SAN DIEGO COUNTY, Calif. — When Governor Gavin Newsom amended his mandate for beauty salons to open for business as long as it is done outside it shifted salon owners to adapt.
But one business owner argued the new outdoor guidelines are discriminating against her special needs clients.
Amy Mullins, owner of tHAIRrapy Hair Salon in San Diego, said her clients with autism and special needs are being left in the dark.
"This is my son. If you saw him, you would think he's a grown man. This is his safe space," said Shontelle Chavez, mother of 14-year-old Lestat who is autistic.
She said coming to tHAIRapy Hair Salon is a form of therapy.
"This is the only place he can go where if he had a meltdown I don't have to worry about him being tased or the cops being called," Shontelle said. "If they don't open back up, I don't know what I'm gonna do."
Mullins said the statewide salon closures failed to address a very vulnerable population.
"What Governor Newsom is doing is wrong," the long-time salon owner said. "He's taking away my rights to earn a living. He's taken away the disabilities community to be able to be seen, to be cared for, to be not forgotten."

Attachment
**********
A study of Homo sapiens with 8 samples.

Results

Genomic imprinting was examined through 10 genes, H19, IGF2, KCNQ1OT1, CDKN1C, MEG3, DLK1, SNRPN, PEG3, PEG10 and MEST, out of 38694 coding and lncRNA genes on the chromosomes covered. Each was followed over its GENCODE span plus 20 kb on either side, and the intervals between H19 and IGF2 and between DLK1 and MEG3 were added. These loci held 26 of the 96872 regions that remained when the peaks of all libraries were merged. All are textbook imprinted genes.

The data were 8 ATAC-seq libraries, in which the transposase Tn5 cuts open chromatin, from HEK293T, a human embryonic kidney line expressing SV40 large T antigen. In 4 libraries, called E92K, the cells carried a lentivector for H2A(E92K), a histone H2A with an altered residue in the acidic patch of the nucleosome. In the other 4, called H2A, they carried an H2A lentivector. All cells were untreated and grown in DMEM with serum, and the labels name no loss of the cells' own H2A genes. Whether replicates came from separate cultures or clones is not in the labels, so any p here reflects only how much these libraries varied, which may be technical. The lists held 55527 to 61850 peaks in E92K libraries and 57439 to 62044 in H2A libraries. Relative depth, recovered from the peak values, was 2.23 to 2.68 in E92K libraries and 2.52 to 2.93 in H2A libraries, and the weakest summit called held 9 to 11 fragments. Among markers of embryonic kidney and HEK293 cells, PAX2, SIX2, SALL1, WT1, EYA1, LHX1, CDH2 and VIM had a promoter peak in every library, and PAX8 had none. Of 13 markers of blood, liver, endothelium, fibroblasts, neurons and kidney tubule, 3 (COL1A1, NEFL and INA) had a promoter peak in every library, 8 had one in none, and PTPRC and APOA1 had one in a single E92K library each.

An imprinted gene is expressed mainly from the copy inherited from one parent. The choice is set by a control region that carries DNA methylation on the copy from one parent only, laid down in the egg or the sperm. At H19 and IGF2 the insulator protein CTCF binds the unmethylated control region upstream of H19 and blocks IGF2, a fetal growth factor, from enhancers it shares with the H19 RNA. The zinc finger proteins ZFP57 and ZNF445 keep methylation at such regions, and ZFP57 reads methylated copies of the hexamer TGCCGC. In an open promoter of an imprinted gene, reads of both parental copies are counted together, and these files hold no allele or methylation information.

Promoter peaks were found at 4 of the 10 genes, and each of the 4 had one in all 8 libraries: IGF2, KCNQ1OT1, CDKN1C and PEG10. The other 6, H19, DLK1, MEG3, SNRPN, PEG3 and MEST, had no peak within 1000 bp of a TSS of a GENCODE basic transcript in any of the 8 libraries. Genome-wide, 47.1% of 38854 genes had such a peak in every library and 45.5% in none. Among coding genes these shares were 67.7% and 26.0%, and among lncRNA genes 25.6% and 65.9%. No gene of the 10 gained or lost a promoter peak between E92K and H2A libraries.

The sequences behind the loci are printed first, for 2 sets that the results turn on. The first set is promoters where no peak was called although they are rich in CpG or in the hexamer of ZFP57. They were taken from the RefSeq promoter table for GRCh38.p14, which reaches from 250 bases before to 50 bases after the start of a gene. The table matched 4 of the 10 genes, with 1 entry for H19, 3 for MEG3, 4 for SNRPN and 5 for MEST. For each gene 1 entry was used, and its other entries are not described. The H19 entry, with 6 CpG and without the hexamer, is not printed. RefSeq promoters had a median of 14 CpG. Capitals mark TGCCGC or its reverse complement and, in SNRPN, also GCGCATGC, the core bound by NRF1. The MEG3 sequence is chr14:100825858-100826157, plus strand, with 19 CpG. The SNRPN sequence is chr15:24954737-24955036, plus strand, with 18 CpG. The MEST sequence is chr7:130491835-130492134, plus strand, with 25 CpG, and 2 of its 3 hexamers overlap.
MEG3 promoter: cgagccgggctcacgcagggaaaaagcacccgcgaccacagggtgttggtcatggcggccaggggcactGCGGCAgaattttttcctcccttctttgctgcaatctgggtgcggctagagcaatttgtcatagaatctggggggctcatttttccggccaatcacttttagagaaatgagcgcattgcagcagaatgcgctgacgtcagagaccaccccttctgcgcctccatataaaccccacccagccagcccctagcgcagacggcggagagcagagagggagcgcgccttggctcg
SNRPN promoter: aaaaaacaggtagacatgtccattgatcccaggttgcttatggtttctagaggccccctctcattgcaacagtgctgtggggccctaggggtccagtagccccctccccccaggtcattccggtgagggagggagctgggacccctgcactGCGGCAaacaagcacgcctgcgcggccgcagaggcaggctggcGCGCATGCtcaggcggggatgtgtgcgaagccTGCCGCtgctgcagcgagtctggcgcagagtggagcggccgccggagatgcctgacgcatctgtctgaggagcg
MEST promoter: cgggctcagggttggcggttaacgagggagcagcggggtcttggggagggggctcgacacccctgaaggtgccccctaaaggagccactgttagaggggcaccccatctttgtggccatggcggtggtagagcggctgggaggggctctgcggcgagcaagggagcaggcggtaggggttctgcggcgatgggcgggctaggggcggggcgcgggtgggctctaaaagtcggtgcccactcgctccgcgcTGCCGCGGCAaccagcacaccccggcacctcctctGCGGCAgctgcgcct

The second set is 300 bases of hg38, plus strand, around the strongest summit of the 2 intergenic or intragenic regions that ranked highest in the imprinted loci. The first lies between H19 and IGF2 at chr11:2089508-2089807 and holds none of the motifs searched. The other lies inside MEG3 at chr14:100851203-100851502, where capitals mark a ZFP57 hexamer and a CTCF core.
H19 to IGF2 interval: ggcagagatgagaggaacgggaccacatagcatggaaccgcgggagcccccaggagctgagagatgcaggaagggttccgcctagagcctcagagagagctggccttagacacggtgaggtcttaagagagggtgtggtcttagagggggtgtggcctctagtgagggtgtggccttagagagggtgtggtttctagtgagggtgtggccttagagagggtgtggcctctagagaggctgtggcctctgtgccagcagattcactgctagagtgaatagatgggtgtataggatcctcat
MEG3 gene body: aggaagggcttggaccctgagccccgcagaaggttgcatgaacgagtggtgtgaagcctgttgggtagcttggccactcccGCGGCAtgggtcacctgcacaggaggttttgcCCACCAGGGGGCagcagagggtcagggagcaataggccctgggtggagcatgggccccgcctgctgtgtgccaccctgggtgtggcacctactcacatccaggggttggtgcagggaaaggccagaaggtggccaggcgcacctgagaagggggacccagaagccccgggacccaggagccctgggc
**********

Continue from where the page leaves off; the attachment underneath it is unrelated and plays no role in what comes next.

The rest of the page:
She added that her special needs clientele require much more than a hair trim. Mullins said the visits to her salon offer life skills, a sense of normalcy and a controlled environment.
"I have clients that need to pace 15 minutes before they get a hair cut just to get their anxiety under control," which is why, Mullins said, they can't move outdoors.
"It's completely against ADA regulations for a business not to reasonably accommodate someone with disabilities. By having to move all of my business outside I can't accommodate any of my clients," she said.
Mullins has joined her landlord J-D Bols in a lawsuit challenging the governor's authority to close businesses.